ADDIS ABABA —
A compromise peace deal for South Sudan got off to a shaky start Tuesday as a government spokesman said his side would reject the agreement if it includes any new conditions, even as an expanded mediation team was invited to add to or change the agreement.
"There is no way for us to accept anything new other than what was agreed," said South Sudan Information Minister Michael Makuei, even as the IGAD Plus mediators were meeting for the first imte, and poring over the new compromise deal.
IGAD Plus was set up last month. Members include the United States and its partners in the troika for South Sudan, the United Kingdom and Norway; the United Nations, the European Union, the African Union, China and five African nations.
IGAD Plus' lead mediator, former Ethiopian foreign minister Seyoum Mesfin, invited the mediators to add to the compromise peace deal in any way they see fit.
On Friday, the compromise deal is to be handed to negotiators for President Salva Kiir's government, Riek Machar's armed opposition movement and a group of former political detainees. They are expected to take the document back to their leaders before the three parties return to Addis Ababa for what is supposed to be a final round of talks, set to begin in early August.
Those talks will wrap up on August 17, the day IGAD has set as the deadline for a final peace deal to be signed. An earlier March 6 deadline had also been called the last chance for a South Sudan peace deal, but it came and went with no agreement.
Maintains status quo
A draft summary of the compromise peace deal was handed to negotiators for the government, Machar's rebels and the former detainees last month.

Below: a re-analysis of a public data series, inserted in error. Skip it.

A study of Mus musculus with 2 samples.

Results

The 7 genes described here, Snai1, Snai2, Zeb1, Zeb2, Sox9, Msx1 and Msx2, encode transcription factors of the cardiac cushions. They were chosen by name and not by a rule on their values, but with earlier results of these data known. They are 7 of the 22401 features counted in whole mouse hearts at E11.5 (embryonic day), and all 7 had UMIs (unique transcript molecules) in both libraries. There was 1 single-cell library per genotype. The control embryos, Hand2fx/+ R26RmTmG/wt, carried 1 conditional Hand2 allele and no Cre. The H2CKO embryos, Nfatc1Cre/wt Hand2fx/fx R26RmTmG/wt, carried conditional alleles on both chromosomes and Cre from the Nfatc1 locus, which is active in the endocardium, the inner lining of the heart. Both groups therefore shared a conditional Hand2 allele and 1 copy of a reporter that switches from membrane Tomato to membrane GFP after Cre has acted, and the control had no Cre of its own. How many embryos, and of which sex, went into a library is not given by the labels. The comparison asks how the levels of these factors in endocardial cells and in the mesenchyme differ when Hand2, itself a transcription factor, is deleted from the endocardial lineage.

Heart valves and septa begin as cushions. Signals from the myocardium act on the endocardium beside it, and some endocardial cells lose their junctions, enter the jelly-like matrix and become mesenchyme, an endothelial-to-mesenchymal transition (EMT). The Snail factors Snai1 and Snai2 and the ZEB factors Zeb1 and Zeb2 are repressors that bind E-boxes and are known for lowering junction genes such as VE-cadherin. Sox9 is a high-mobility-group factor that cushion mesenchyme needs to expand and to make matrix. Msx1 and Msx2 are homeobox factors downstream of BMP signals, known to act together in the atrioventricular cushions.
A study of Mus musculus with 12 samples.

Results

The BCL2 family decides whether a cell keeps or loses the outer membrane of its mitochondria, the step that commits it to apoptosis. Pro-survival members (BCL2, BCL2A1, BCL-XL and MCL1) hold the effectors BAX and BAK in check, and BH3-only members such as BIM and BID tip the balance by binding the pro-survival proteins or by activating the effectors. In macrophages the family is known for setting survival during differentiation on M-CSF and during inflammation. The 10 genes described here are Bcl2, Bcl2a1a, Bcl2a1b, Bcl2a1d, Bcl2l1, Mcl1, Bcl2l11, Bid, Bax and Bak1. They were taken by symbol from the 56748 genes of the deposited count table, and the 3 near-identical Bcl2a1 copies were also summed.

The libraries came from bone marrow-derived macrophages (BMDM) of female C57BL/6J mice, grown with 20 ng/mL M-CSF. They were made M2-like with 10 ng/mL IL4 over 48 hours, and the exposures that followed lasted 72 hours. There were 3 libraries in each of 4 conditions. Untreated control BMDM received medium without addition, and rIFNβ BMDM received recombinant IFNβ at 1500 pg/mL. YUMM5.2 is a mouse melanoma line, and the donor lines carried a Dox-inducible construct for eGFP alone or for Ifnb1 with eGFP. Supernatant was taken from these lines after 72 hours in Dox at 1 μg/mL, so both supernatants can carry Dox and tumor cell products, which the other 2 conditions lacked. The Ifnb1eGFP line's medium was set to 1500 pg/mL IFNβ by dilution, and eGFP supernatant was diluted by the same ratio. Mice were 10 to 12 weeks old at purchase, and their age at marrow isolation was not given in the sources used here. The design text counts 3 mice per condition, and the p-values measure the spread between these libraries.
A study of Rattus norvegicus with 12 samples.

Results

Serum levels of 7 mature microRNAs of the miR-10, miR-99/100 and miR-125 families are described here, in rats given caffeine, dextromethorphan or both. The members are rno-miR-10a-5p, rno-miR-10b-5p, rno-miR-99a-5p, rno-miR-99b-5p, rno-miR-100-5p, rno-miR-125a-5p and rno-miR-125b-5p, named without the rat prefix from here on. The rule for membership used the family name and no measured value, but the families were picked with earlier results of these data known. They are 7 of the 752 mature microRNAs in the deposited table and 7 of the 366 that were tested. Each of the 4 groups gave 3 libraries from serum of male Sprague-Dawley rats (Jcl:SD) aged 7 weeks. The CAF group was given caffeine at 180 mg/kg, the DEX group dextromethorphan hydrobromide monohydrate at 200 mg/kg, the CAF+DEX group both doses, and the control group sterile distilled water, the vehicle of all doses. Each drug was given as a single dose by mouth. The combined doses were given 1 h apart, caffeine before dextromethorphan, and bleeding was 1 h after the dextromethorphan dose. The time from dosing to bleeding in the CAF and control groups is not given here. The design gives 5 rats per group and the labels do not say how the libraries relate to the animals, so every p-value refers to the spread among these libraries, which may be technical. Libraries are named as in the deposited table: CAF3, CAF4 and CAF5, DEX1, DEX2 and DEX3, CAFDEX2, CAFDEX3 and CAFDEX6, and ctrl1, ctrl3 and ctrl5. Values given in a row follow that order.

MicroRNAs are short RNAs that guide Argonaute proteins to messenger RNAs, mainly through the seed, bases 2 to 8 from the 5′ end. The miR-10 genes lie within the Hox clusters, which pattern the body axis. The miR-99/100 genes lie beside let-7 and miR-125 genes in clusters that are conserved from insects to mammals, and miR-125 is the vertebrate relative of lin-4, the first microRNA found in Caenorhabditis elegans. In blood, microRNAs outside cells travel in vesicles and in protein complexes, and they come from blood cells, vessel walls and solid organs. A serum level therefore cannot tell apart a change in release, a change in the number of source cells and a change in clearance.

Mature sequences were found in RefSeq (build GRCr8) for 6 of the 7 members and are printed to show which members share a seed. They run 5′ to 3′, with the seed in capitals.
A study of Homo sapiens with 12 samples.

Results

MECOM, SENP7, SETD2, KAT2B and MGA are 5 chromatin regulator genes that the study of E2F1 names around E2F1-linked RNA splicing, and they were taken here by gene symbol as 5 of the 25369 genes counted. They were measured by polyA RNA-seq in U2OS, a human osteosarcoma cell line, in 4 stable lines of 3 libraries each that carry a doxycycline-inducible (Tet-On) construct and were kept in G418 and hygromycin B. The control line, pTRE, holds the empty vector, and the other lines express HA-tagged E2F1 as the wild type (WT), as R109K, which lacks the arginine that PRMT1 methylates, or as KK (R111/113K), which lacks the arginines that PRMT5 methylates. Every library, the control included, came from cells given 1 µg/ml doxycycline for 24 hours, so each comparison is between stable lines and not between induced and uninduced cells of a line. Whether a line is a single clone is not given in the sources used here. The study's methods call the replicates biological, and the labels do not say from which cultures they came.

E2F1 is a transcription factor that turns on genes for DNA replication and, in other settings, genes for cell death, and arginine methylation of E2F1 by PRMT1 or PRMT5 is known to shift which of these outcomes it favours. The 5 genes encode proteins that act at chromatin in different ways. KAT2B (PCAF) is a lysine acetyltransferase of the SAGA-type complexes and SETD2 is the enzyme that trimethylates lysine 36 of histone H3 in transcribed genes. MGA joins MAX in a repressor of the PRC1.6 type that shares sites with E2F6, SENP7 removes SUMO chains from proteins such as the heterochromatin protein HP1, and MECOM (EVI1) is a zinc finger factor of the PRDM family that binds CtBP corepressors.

The rebels' lead negotiator, Taban Deng Gai, rejected the draft agreement at the time, saying it maintained the status quo in South Sudan by keeping President Kiir as head of state, giving his side a majority of cabinet positions and a majority in parliament.
But, said Gai, the rebel side would still be willing to use the compromise agreement as the basis for moving forward with peace talks, leaving a glimmer of hope that a deal will be signed in four weeks' time and the fighting that has rocked South Sudan since Dec. 15, 2013 will finally end.
At least 10,000 people have been killed, some 2.5 million have been displaced and nearly 5 million face hunger in the next few months because of the ongoing conflict.
The fighting has also severely disrupted oil production, the main source of the South Sudan government's revenues, and brought what the World Bank has called the world's most oil-dependent economy to its knees.
Waakhe Simon Wudu contributed to this report from Juba. Karin Zeitvogel contributed to this report from Washington.